Flu Prevention in the Workplace: Employer Advice

  • Workplace Health & Safety
Flu Prevention in the Workplace: Employer Advice
Michelle Ann Zoleta

Michelle Ann Zoleta, Health & Safety Team Manager

(Last updated )

Every year in Canada, the flu causes an estimated 12,200 hospital stays and 3,500 deaths.

The flu season in Canada typically begins in November and lasts until March, peaking between December and February. In November 2022, concerns over the start of an influenza epidemic were voiced, after FluWatch found the number of hospital visits by patients with flu-like symptoms above the seasonal average.

Absenteeism, reduced productivity, interruption of service, and rising costs of health benefits can all have a significant impact on businesses. Workplaces must consider employee health and safety during this time and as part of their employer responsibilities, have a duty to take every reasonable precaution to protect the health and safety of staff.

Although the occurrence of influenza has many negative impacts at work, employers who follow best practices for flu safety in the workplace can help reduce its transmission and ensure employees stay healthy throughout the season.

What are the symptoms of the flu?

Flu, or influenza, is a contagious respiratory illness caused by an influenza A or B virus.

Symptoms include fever, cough, runny nose, chills, fatigue, sore throat, muscle pain, and body aches. The flu is transmitted through respiratory droplets produced while coughing or sneezing and/or through contaminated surfaces.

Though most people recover from the flu within a week or two, the flu can cause life-threatening complications in those with chronic health conditions or weakened immune systems.

What steps should I take for flu prevention in the workplace?

The safety measures to prevent the spread of both viruses are the same: social distancing, hand hygiene, getting vaccinated, and staying home when sick. Here are some tips on flu prevention in the workplace:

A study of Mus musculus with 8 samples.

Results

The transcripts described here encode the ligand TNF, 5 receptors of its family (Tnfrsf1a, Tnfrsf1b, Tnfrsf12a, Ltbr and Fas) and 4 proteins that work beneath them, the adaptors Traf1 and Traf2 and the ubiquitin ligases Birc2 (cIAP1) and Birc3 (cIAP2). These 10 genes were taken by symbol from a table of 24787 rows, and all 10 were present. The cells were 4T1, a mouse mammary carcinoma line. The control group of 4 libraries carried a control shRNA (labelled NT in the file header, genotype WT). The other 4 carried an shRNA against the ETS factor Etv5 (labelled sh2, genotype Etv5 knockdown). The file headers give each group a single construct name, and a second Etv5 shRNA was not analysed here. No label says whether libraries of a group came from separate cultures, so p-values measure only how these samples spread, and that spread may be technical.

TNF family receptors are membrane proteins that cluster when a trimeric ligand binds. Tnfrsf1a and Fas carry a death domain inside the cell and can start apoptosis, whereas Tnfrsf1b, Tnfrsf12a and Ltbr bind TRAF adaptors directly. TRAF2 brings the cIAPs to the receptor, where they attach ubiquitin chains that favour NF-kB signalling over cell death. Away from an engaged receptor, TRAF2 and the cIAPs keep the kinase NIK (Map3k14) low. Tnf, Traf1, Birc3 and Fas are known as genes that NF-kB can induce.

Advise your employees to get the flu vaccine

Employers who want to prevent flu in the workplace should encourage staff to get vaccinated against influenza. You could offer your employees time off to go get vaccinated or set up a flu vaccine clinic at your workplace. A flu shot takes two weeks to take effect and should be taken as soon as possible.

Though the flu shot may not be 100% effective, it will help make the flu symptoms less severe in case one gets sick. The National Advisory Committee on Immunization advises (NACI) states that everybody 6 months of age and older without contraindications should get the flu shot every year.

Review sick leave policies

Advise your staff to use their sick leave and stay at home in case they experience flu-like symptoms. You may want to offer extra sick leave to your employees or allow them to combine it with vacation leave to be able to get enough rest and recover fully before returning to work.

Encourage employees to self-monitor

COVID-19, the flu, and the common cold have several symptoms in common and it is impossible to tell them apart without testing. Educate your staff about the similarities between flu and COVID-19, how-to self-monitor, and the precautions they should follow.

Provide information about individuals who may be at high risk for serious flu complications, such as those with medical conditions like heart disease or diabetes, and pregnant women.

Continue following health and safety measures

Clean and disinfect common areas in the office, such as washrooms, kitchen, cafeteria, lobby, and high-touch surfaces, such as the sign-in kiosk, light switches, door handles, shared equipment, faucets, etc. You may want to continue following infectious disease prevention measures such as physical distancing and hand hygiene.

Offer flexible work options

If the nature of your business allows for it, let your employees work from home if they need to look after family members or children who are sick from the flu.

How many sick days should employers allow off for the flu?

Sick leave in Ontario is unpaid job-protected leave. While you are free to offer more sick days or even paid sick leave to your employees, you cannot take away the minimum entitlements provided in the Ontario ESA. It is also illegal to punish or discriminate against your employees for exercising their right to take sick days when they need to.

Employers should note that sick leave in Ontario is also not pro-rated. This means if an employee begins employment halfway through a calendar year, they are still entitled to three days of sick leave for that year. Unused sick leave days are not carried over to the next year.

Do you need help developing HR and health & safety policies for your workplace?

Whether it is a policy on flu prevention in the workplace or flexible working, we’ve got you covered. Peninsula’s experts can help you create company policies as well as with any other HRhealth and safety or employment advice you may need. To learn more about how our services can benefit your business, call an expert today: 1 (833) 247-3652.